Nanowerk Spotlight) In physics, a plasmon is the quasiparticle resulting from the quantization of plasma oscillations just as photons and phonons are quantizations of light and sound waves, respectively. As the name indicates, surface plasmons are those plasmons that are confined to surfaces. Controlling these surface plasmons has become a 'hot' research area for optical signal processing, surface enhanced spectroscopy and sensor nanotechnology.
Our work is the first demonstration of detection of intact viruses using extraordinary light transmission phenomena in plasmonic nanohole arrays," Altug tells Nanowerk. "So far, questions remain regarding the possible limitations of this technique for virus detection, as the penetration depth of the surface plasmon polaritons (SPP) is comparable to the dimensions of the pathogens.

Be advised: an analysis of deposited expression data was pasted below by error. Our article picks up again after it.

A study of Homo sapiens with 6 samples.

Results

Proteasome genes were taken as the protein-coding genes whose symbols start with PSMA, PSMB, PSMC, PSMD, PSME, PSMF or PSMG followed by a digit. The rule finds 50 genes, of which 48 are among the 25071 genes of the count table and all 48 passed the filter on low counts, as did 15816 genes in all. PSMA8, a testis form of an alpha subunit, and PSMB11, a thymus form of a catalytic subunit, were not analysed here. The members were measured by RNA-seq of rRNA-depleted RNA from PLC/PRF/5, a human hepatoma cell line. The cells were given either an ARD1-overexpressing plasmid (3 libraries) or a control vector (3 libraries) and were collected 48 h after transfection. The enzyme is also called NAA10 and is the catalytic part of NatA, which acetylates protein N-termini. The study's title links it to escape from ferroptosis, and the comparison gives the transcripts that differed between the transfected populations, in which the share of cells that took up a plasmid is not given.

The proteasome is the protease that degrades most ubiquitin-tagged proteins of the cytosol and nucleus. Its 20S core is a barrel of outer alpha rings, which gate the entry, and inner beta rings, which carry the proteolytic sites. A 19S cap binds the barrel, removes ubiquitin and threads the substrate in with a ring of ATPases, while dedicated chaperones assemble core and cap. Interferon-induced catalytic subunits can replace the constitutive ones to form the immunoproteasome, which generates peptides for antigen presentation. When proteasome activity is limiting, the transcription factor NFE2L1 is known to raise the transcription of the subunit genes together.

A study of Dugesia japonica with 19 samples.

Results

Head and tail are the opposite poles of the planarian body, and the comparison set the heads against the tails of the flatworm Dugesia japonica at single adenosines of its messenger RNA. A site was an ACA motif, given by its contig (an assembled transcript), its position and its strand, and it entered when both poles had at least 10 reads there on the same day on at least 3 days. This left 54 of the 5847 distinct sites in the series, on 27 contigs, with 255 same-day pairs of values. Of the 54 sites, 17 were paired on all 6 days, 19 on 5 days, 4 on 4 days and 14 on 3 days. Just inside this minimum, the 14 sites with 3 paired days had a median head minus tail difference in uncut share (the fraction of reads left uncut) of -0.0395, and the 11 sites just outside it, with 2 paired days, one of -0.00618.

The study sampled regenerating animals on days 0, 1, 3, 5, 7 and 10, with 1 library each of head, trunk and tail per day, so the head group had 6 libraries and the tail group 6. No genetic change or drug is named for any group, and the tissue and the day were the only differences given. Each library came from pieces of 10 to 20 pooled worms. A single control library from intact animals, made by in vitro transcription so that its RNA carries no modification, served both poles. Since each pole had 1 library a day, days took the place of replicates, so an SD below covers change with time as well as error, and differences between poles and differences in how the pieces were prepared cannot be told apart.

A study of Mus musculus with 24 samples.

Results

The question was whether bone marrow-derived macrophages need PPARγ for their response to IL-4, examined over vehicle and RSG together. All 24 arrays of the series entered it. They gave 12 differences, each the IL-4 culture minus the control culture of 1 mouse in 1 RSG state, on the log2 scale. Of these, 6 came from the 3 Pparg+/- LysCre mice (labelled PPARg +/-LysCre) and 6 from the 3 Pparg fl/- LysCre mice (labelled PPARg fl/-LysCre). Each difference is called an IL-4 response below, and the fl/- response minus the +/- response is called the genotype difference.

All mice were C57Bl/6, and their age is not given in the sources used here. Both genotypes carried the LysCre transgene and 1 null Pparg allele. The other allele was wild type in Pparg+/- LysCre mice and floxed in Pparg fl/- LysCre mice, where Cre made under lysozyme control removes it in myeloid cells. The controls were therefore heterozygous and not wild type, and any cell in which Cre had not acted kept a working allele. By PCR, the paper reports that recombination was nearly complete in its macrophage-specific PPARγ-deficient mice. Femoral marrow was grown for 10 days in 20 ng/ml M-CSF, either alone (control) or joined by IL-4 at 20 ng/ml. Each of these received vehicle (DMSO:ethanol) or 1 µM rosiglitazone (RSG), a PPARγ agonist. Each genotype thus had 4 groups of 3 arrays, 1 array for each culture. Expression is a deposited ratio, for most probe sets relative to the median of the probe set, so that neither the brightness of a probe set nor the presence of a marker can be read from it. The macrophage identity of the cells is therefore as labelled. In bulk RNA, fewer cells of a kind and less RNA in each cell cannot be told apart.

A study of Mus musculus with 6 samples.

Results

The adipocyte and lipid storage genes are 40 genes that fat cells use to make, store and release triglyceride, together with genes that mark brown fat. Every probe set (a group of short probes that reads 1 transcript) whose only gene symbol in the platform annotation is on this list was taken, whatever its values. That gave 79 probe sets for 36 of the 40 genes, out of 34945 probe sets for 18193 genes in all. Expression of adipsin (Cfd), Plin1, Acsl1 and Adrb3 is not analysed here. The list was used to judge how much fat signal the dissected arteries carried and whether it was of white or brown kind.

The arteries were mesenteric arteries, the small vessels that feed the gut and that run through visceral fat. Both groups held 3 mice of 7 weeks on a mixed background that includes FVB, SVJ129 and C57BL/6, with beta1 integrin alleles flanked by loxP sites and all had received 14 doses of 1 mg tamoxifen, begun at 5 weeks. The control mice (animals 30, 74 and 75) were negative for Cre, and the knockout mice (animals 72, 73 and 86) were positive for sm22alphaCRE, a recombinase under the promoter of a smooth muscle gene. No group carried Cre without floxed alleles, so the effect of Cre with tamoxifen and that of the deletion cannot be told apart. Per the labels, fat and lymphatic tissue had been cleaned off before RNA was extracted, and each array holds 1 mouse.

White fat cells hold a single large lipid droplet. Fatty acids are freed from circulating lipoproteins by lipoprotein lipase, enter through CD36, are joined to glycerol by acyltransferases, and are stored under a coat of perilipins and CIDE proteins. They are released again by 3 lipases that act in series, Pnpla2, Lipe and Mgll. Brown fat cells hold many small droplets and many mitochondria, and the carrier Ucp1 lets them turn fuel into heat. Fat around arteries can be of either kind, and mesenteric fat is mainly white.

Altug explains that their sensors exploit plasmonic resonances supported by plasmonic nanohole arrays (PNA) for detection. PNAs are arrays of nanoscale apertures (holes, with diameters of ∼250-350 nm) that are defined periodically (with pitch ∼500-800 nm) on an optically thick noble metal films such as ∼100 nm thick gold. At certain wavelengths, these nanohole arrays can transmit light much more strongly than the classical aperture theory predicts. [ This phenomenon is called extraordinary optical transmission (EOT) effect.
http://en.wikipedia.org/wiki/Extraordin ... ansmission ]
EOT signals result from the involvement of surface plasmon-polariton resonances (SPR). The resonance wavelength of EOT signal is strongly correlated with the effective dielectric constant of the adjacent medium around the plasmonic sensor. Altug explains that, as pathogens bind to the sensor surface, the effective refractive index of the medium increases, and the red-shifting of the plasmonic resonance occurs.